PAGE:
The worst of the coronavirus recession may still be ahead, particularly if you're on unemployment. Way back in March, the feds pushed back tax deadlines and expanded unemployment benefits to provide financial relief for those affected by the COVID-19 outbreak and the resulting lockdowns. But those relief actions now have some looming deadlines with serious financial implications. Don't get caught off-guard; here's what you need to know.

July 15: Quarterly tax payments are due

If you didn't elect to have taxes withheld from your unemployment checks, you may owe a quarterly tax payment to the IRS and to your state. Your federal payment, due on July 15, should account for all untaxed income you earned between January 1 and May 31 of this year.

Man holding sign over his face stating he lost job due to coronavirus.


As a next step, visit your state government website and locate the tax commission or department of revenue section. You're looking for 2020 estimated tax payment due dates and your state's 2020 estimated tax worksheet. The worksheet will help you calculate the amount of your state tax payment. Then, see the IRS's 2020 estimated tax worksheet to determine what you owe the feds.

If you don't make your tax payments during this calendar year, you can catch up when you file your 2020 tax return. You will likely owe penalties and interest on the unpaid amounts, however.

July 26: $600 supplement runs out

Your unemployment check includes a $600 weekly supplement, a benefit expansion provided by the CARES Act. It's been widely promoted that this extra payment would continue through July 31. Unfortunately, the Department of Labor recently clarified that the $600 weekly supplement actually ends the full week prior to July 31. The exact end date is July 26 in New York and July 25 in all other states.

That doesn't leave much time to sort out how you'll manage on a substantially smaller income. You might start by reviewing your budget and estimating your income shortfall. Then, contact creditors and ask for debt relief. If you rent, check in with your landlord to see if you'll have any leeway on making your rent payment in the coming months. If the answer's a firm no, you may have to resort to more drastic measures, like moving in with relatives temporarily.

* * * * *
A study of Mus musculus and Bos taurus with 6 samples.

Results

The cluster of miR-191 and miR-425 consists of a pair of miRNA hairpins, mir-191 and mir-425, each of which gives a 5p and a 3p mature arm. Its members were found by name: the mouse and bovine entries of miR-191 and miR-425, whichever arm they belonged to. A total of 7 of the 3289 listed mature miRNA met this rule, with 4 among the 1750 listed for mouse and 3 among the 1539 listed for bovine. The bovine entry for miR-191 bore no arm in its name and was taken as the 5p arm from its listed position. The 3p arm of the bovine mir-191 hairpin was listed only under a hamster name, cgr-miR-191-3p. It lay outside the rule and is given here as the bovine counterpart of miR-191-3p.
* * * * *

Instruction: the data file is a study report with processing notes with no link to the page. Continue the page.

December 25: Benefits for gig workers end

Before the coronavirus appeared in the U.S., gig workers, freelancers, and independent contractors weren't eligible for unemployment benefits at all. The CARES Act changed that with the creation of the Pandemic Unemployment Assistance program, also known as PUA. PUA opened up unemployment eligibility to include self-employed workers whose income has been impacted by the pandemic.

If you're receiving benefits under PUA, know that this program, and your benefits, will end the week of December 25.

Ideally, demand for your line of work will pick up before year's end, and you can make a smooth transition off unemployment. But in case that doesn't happen, start brainstorming other ways to put your skills to work. Or, use this time to expand your skillset into an area that supports remote work. If you have a reliable internet connection, look into free and low-cost online training programs at sites like Coursera or Codecademy.

It might be worse before it's better

Making ends meet on unemployment is challenging enough. Throw in an income tax bill, plus an impending end to some or all of your benefits, and the situation is downright overwhelming. Unfortunately, it doesn't look like the feds are planning another tax delay or an extension of the CARES Act benefits. All you can do is get the important dates on your calendar and start your contingency planning now.